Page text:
Upton Sinclair: The Profits of Religion

Book Two - The Church of Good Society

The Rainmakers

I begin with the Church of Good Society, because it happens to be the Church in which I was brought up. Reading this statement, some of my readers suspected me of snobbish pride. I search my heart; yes, it brings a hidden thrill that as for back as I can remember I knew this atmosphere of urbanity, that twice every Sunday those melodious and hypnotizing incantations were chanted in my childish ears! I take up the book of ritual, done in artistocratic black leather with gold lettering, and the old worn volume brings me strange stirrings of recollected awe. But I endeavor to repress these vestigial emotions and to see the volume - not as a message from God to Good Society, but as a landmark of man's age-long struggle against myth and dogma used as a source of income and a shield to privilege.

In the beginning, of course, the priest and the magician ruled the field. But today, as I examine this "Book of Common Prayer," I discover that there is at least one spot out of which he has been cleared entirely; there appears no prayer to planets to stand still, or to comets to go away. The "Church of Good Society" has discovered astronomy! But if any astronomer attributes this to his instruments with their marvelous accuracy, let him at least stop to consider my "economic interpretation" of the phenomenon - the fact that the heavenly bodies affect the destinies of mankind so little that there has not been sufficient emolument to justify the priest in holding on to his job as astrologer.

But when you come to the field of meteorology, what a difference! Has any utmost precision of barometer been able to drive the priest out of his prerogatives as rainmaker? Not even in the most civilized of countries; not in that most decorous and dignified of institutions, the Protestant Episcopal Church of America! I study with care the passage wherein the clergyman appears as controller of the fate of crops. I note a chastened caution of phraseology; the Church will not repeat the experience of the sorcerer's apprentice, who set the demons to bringing water, and then could not make them stop! The spell invokes "moderate rain and showers"; and as an additional precaution there is a counterspell against "excessive rains and floods": the weather-faucet being thus under exact control.

I turn the pages of this "Book of Common Prayer," and note the remnants of magic which it contains. There are not many of the emergencies of life with which the priest is not authorized to deal; not many natural phenomena for which he may not claim the credit. And in case anything should have been overlooked, there is a blanket order upon Providence: "Graciously hear us, that those evils which the craft or subtilty of the devil or man worketh against us, be brought to nought!" I am reminded of the idea which haunted my childhood, reading fairy-stories about the hero who was allowed three wishes that would come true. I could never understand why the hero did not settle the matter once for all - by wishing that everything he wished might come true!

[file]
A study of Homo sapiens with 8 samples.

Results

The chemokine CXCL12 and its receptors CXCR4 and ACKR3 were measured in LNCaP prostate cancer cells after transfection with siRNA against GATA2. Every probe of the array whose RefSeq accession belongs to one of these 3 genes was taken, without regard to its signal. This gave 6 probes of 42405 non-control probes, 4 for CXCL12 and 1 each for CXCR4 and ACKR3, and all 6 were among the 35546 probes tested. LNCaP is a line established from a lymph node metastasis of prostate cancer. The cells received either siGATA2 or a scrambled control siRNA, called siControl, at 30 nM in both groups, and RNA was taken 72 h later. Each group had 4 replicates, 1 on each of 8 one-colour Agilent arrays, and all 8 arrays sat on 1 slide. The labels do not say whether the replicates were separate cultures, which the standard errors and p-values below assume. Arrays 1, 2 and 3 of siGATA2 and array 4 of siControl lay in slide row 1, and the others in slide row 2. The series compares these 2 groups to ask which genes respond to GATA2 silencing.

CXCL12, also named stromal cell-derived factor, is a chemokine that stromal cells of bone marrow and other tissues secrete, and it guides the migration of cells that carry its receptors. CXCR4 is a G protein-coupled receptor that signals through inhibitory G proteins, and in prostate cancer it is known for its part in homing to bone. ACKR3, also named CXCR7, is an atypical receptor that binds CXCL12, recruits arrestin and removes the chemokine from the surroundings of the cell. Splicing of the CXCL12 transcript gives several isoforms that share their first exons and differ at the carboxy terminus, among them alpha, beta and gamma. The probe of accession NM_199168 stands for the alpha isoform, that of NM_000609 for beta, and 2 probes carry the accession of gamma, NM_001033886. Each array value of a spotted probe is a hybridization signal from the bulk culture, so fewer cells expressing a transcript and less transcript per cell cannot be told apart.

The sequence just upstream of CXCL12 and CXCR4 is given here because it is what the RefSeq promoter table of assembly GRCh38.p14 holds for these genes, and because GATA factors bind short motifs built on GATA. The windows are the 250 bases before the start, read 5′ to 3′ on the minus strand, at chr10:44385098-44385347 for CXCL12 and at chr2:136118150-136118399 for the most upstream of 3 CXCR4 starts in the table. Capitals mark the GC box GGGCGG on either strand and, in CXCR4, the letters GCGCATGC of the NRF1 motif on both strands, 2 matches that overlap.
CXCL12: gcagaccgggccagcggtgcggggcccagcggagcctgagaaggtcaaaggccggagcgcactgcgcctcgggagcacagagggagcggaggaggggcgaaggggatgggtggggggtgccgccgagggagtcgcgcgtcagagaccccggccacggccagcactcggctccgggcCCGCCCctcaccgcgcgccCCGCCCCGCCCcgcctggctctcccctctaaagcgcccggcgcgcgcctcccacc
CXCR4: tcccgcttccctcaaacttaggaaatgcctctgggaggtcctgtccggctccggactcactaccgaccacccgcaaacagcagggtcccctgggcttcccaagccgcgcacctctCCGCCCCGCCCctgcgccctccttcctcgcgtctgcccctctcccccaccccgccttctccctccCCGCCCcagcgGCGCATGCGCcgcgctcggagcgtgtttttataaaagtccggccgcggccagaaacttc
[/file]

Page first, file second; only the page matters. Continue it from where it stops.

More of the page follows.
Most of these incantations are harmless, and some are amiable; but now and then you come upon one which is sinister in its implications. The volume before me happens to be of the Church of England, which is even more forthright in its confronting of the Great Magic. Many years ago I remember talking with an English army officer, asking how he could feel sure of his soldiers in case of labor strikes; did it never occur to him that the men had relatives among the workers, and might some time refuse to shoot them? His answer was that he was aware of it, the military had worked out its technique with care. He would never think of ordering his men to fire upon a mob in cold blood; he would first start the spell of discipline to work, he would march them round the block, and get them in the swing, get their blood moving to military music, then, when he gave the order, in they would go. I have never forgotten the gesture, the animation with which he illustrated their going - I could hear the grunting of bayonets in the flesh of men. The social system prevailing in England has made necessary the perfecting of such military technique; also, you discover, English piety has made necessary the providing of a religious sanction for it. After the job has been done and the bayonets have been wiped clean, the company is marched to church, and the officer kneels in his family pew, and the privates kneel with the parlor-maids, and the clergyman raises his hands to heaven and intones: "We bless thy Holy Name, that it hath pleased Thee to appease the seditious tumults which have been lately raised up among us!"

And sometimes the clergyman does more than bless the killers - he even takes part in their bloody work. In the Home Office of the British Government I read (vol 40, page 17) how certain miners were on strike against low wages and the "truck" system, and the Vicar of Abergavenny put himself at the head of the yeomanry and the Greys. He wrote the Home Office a lively account of his military operations. All that remained was to apprehend certain of the strikers, "and then I shall be able to return to my Clerical duties." Later he wrote of the "sinister influences" which kept the miners from returning to their work, and how he had put half a dozen of the most obstinate in prison.